As parents, we've all been in the situation when someone brings their obviously sick child to a play date or to school. These overly laid back or inconsiderate parents saunter in with a toddler whose nose is profusely running and a barky cough with little or no explanation. You are often left to panic or seethe.
It doesn't help when parents try to play off their child's illness as "allergies." If you're 100% sure that little Timmy is allergic to pollen in December then fine, but I'm not sure why he has an ear infection too.
While the little mobile germ-dispensing toddler is touching and licking every toy in sight, you are left to contemplate how to elegantly escape this hot zone with your child.
If you have self-diagnosed germaphobia like I do, then welcome to a world of high anxiety. I used to be more relaxed before I had children but something about parenthood (especially first time parents) makes you want to sanitize everything in sight. If it can't be wiped down, boiled or laundered, get it away from me and my baby. How did we all survive the 80's when no one carried around hand sanitizer?! Children today are doused with alcohol gel the moment they touch any public object.
I know there are two schools of thought about germs and immunity. Perhaps there should literally be two schools for kids. One school would be for the very relaxed hippy parents that believe being exposed to viruses builds immunity. The kids could eat dirt, not sanitize their hands every five minutes and cough all over each other in a virtual viral utopia.
The second school would be a purified bubble with ozonated air and non-toxic toys. If you even think about delivering a sick child, you're out. The neurotic tribe has spoken.
Since this is unrealistic, what is the rule? What is the etiquette of illness?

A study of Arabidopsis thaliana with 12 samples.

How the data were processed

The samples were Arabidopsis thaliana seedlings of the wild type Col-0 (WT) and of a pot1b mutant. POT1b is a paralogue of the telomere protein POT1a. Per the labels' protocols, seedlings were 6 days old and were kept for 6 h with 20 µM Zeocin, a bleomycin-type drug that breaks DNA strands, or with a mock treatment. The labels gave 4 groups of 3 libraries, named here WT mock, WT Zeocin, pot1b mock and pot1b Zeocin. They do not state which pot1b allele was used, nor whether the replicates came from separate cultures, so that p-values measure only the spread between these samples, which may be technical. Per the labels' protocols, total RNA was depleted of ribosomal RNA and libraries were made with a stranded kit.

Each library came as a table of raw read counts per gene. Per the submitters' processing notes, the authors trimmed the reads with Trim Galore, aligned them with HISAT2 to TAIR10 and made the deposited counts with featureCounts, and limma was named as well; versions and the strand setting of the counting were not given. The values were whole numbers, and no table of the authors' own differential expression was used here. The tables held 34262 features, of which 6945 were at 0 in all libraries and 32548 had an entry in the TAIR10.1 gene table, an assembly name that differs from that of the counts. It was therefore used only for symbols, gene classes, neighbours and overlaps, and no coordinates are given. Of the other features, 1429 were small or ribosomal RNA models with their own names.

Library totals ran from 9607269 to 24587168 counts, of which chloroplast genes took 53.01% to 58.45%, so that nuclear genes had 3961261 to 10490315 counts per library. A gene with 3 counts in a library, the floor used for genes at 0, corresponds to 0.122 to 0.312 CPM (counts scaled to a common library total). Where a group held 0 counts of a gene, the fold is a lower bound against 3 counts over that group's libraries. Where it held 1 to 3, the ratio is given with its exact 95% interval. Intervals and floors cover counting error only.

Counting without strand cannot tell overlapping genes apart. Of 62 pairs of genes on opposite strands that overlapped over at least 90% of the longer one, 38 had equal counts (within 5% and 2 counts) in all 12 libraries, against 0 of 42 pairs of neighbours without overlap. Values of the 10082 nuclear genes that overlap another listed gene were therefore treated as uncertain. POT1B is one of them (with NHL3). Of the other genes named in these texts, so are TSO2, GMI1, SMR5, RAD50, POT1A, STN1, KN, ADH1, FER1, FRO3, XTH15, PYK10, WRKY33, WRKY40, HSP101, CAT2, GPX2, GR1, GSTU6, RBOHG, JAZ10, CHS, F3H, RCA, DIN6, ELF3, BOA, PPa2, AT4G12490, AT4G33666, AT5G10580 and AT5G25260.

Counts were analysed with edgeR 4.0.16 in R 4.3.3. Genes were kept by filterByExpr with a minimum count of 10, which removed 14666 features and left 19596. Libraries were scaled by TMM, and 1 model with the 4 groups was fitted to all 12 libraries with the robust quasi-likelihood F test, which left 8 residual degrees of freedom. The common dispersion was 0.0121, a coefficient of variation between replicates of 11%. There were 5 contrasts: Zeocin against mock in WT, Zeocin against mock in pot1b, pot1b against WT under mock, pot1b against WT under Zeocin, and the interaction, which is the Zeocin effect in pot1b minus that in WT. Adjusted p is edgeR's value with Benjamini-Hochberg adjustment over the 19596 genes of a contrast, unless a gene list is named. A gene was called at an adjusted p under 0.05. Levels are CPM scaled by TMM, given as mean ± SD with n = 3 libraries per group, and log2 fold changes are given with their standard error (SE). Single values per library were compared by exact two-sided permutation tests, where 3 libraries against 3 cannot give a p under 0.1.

1. Don't Lie You know your tot just had a cold and is still getting over it. That runny nose is not from allergies. I know you don't want to miss the play date with the other moms but do you really want everyone talking about you and your selfishness when you leave? Because we will.
2. Confess We know all about those red cheeks and sneezes, and it's not from teething. You're not fooling anybody. Be honest with your host or guests beforehand. They'll appreciate it and you'll look super considerate. If the group is laid back, they'll tell you to come anyway. Know your audience. Get a reputation for being honest about illness. The other moms will be up-front with you if you show them you're thoughtful and cautious about keeping your child from getting sick. Be the hippy or the neurotic and own it. It will make it easier to find your mommy tribe.
3. Be Considerate Sure you might have an appointment, meeting or a job that you really can't miss but sending your ill or not fully recovered child to school is so not fair. I know what you're thinking, "The other moms do it". Yes, and it's not cool, especially when most moms have a newborn at home. Your toddler may not have a fever but that messy runny nose is spreading his cold. Give it an extra day if you can. We're all in this together and if you're considerate, moms will notice. Your "illness etiquette" will be appreciated and other mothers will hopefully return the favor.